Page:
The words supplied with his proposal are:
A post made from two planks of seasoned oak, the wood that built the battleships that defeated Napoleon and built the British Empire.
The planks c.2 metres high and 20cm wide, held together with 6 bolts. Set within the Post are two crystal clear glass balls of 60mm diameter at viewing heights of 1 metre and 1.5 metres.
The Post situated on the grass overlooking Wells harbour (Tugboat Yard), with inverted views through the glass balls, at adult and child heights.
The base was fabricated to his design in stainless steel by Ambit Engineering of
King’s Lynn, who also fabricated his Vancouver Arch.
WELLS HERITAGE ART TRAIL SET TO OPEN THIS SUMMER
The first-ever outdoor art trail in Wells-next-the-Sea, North Norfolk, will take place this summer, with a series of fascinating sculptures celebrating the town’s rich and varied history.
All the work in the Wells Heritage Art Trail has been created by Norfolk artists specifically for the event which will open to the public on Saturday 23rd June and which will run until the end of September.
Commissioned by Wells Maltings, the new £5m arts, heritage and community hub on Staithe Street, and funded by the Heritage Lottery, the Wells Heritage Art Trail will feature 17 artworks by 26 artists (some are collaborations), all of which will be for sale.
The Trail has been curated by well-known Wells residents and art experts John and Yvonne Millwood and should take around an hour-and-a-half to complete. Free trail maps will be available from the new Wells Maltings complex, which will also open at the end of June.
John Millwood explains: “The Wells Heritage Art Trail celebrates the life of the Wells people of sea and shore, past and present, with each artwork telling its own story. The Trail begins in Wells Maltings and then runs to the harbour, with two extensions: one out along East Quay, and then it jumps a mile along the side of the channel, with two works at the Beach Café and one in the pinewoods.”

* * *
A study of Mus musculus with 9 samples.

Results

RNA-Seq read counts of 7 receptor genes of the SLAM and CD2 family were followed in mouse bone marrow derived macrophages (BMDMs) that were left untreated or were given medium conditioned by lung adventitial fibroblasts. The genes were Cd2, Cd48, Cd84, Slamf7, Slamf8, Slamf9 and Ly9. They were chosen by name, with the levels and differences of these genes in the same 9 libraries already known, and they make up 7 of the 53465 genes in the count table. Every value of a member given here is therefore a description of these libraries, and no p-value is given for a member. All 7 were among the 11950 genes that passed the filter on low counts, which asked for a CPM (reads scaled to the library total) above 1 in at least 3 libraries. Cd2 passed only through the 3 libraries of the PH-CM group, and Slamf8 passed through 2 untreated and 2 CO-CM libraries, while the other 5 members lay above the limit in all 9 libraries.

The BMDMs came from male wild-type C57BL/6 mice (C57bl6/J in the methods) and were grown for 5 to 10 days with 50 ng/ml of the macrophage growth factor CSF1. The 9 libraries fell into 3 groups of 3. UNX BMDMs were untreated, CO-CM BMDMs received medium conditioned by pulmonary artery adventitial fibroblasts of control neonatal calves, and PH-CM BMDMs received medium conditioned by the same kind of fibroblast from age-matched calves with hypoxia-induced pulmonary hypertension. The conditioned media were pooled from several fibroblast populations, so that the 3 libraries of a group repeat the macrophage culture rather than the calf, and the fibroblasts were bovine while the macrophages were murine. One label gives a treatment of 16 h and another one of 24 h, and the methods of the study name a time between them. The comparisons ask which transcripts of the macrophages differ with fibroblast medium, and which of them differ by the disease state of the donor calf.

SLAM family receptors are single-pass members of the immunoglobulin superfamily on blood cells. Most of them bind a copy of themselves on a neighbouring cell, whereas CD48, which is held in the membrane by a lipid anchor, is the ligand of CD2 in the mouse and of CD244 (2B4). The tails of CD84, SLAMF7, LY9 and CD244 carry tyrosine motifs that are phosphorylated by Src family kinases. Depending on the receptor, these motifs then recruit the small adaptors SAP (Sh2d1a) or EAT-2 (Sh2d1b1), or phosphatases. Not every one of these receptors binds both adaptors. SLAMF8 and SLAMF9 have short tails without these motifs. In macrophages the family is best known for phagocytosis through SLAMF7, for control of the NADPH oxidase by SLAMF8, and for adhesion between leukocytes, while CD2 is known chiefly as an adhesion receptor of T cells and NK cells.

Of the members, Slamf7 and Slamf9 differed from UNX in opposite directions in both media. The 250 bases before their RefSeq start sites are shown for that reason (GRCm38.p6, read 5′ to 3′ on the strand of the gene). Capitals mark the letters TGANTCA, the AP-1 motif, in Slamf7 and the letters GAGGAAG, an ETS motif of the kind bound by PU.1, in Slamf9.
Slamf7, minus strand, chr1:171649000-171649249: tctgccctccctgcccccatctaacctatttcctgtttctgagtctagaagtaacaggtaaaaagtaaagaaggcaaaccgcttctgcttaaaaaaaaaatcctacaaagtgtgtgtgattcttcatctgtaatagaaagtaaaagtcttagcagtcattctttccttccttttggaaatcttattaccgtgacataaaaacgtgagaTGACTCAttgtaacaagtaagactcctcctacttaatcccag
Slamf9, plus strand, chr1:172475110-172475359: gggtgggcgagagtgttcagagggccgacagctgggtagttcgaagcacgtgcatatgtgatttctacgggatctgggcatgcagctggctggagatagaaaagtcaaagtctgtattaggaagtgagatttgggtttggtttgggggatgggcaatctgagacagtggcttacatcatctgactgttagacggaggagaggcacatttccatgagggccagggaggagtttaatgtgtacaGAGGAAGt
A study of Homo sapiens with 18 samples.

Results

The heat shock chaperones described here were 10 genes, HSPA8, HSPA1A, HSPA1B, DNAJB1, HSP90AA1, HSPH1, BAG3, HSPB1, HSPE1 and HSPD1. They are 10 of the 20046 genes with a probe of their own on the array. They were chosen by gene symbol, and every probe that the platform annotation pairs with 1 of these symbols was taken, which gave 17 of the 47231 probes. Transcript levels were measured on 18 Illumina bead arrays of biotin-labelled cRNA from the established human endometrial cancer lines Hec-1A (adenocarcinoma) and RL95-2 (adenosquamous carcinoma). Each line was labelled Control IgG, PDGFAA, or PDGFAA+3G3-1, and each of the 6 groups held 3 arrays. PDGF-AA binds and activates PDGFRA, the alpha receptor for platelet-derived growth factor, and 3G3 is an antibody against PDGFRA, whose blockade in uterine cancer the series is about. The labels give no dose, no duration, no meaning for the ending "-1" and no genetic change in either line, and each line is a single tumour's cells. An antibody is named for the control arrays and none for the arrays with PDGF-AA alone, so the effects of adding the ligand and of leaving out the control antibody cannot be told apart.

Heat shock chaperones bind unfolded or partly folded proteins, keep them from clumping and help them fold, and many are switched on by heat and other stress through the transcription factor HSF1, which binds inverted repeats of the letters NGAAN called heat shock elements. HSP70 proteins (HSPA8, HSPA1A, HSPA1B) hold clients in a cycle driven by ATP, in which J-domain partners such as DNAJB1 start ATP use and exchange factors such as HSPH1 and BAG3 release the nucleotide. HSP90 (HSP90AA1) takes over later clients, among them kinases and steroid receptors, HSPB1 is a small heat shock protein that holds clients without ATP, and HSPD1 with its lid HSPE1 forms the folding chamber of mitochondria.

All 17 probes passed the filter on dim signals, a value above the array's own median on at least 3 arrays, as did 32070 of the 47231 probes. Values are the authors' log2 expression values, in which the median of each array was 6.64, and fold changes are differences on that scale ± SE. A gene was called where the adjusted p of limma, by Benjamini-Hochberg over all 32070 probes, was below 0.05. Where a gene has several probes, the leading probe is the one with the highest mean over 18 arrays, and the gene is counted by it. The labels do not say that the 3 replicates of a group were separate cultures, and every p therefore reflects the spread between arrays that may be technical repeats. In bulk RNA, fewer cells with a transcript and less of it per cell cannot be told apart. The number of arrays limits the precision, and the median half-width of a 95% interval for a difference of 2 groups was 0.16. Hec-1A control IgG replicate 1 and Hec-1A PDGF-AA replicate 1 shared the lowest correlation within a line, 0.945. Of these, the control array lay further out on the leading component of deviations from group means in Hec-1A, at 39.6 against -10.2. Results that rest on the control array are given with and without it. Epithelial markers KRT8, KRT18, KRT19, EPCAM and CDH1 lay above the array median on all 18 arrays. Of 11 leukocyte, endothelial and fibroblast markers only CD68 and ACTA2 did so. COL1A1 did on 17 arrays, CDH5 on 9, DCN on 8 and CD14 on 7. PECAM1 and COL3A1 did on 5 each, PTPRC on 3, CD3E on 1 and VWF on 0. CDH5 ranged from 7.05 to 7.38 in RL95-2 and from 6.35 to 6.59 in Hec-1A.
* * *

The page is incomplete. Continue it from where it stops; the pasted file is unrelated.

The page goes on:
John adds: “All the works reflect the heritage of Wells. The Art Trail should be appealing to local people and to all those interested in life on the sea and the shore. It’s accessible to all.”
The Art Trail will be made up of all manner of media, including glass, wood, metal, stone and rope, with each of the 17 artworks having been created specifically for its own particular site to reflect an aspect of heritage in an appropriate setting.
The artists involved in the trail are Kate Allsop and the Wells Ceramic Group, Nick Ball, Nigel Barnett, Tony Bellars, Sarah Caputo and Neal French, Mary Crofts, Kaitlin Ferguson, Polly Ionides, Rachael Long, Debbie Lyddon, Florence North Foster, Linda and Frances Pattrick, Andrew Ruffhead, Andrew Schumann, Gordon Senior, Robert Smith with Heather Tamplin, and Teucer Wilson.
The Millwoods selected the artists and chose the sites, while Mary Blue Brady, Wells Maltings’ learning and engagement officer, has also been very busy behind the scenes, working on the logistics and project management of the trail and keeping in regular contact with the artists. Harbour master Robert Smith MBE, the Holkham Estate and Wells Town Council have also all been consulted and have assisted with exact site locations, planning permissions and so on.
For more information on the Wells Heritage Art Trail, visit: www.wellsmaltings.org.uk.